Tuesday, January 22, 2013

Movie Review: Inland Empire

Strung together purely by emotional cues, cryptic symbolism, and themes of infidelity, murder, and mind-control, David Lynch’s “Inland Empire” is a fractaline labyrinth of story and storytelling, time and timelessness, watcher and watched, horror, delirium, and the impulse to resolve.

In this hyper-surreal reality, we learn that actress Nikki Grace (Laura Dern) is up for a new role. In fact, her foreboding new neighbor from down the road "definitely hears that she has it." Sure enough, she lands the female lead opposite Hollywood "bad-boy" Devin Berk (Justin Theroux) in director Kingsley Stewart’s (Jeremy Irons) new film “On High in Blue Tomorrows.”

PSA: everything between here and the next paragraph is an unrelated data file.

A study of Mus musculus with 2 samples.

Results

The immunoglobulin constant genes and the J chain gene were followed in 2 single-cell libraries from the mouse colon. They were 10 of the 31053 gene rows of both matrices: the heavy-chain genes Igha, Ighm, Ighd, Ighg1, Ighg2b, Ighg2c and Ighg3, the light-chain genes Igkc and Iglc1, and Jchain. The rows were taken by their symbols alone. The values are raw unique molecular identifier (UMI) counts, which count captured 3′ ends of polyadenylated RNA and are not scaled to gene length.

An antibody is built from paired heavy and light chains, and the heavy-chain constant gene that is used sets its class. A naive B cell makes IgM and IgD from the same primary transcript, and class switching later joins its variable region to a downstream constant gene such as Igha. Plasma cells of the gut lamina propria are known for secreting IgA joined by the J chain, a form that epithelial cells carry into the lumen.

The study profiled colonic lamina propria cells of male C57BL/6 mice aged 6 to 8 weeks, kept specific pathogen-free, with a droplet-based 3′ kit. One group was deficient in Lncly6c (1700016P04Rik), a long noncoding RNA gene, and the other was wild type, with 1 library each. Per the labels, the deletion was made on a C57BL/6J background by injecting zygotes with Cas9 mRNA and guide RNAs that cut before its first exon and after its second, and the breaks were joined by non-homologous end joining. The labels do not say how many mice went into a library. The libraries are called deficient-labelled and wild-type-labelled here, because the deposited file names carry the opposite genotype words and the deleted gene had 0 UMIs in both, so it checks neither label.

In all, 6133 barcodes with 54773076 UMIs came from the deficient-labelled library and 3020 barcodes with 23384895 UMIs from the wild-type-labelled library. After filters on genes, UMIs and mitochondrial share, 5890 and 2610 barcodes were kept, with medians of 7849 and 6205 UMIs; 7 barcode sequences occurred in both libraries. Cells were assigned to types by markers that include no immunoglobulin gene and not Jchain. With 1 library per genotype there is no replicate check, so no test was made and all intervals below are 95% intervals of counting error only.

This movie within a movie, based on an old Polish Gypsy folk-tale, focuses on an extra-marital affair. As we soon discover, it is the second attempt at the film’s production. The original, a German undertaking titled “Siebenundvierzig (Forty-Seven),” abruptly ended when the two leads were murdered. Rumor has it the script is cursed.

Disturbed but determined, Nikki and Devon assume their roles, but when the story begins to spill over into their own lives, a psychic roller-coaster ride ensues, complete with otherworldly colors, sounds, and moods, eerie rabbit headed humanoids, prostitutes dancing “The Locomotion,” Polish circus performers, an inter-dimensional phantom named Crimp, central traumas involving the death of a son and murder by screwdriver, a cameo by William H. Macy, a red lamp, a portal through a cigarette burn in a piece of silk, and an ever-looming camera.

As for what it all means, theories are abundant. Whether it ultimately depicts a troubled, fragmented psyche, a nightmarish case of quantum entanglement, or is, as Lynch himself insists, merely abstract art, he has out-Lynched himself and it deserves your attention!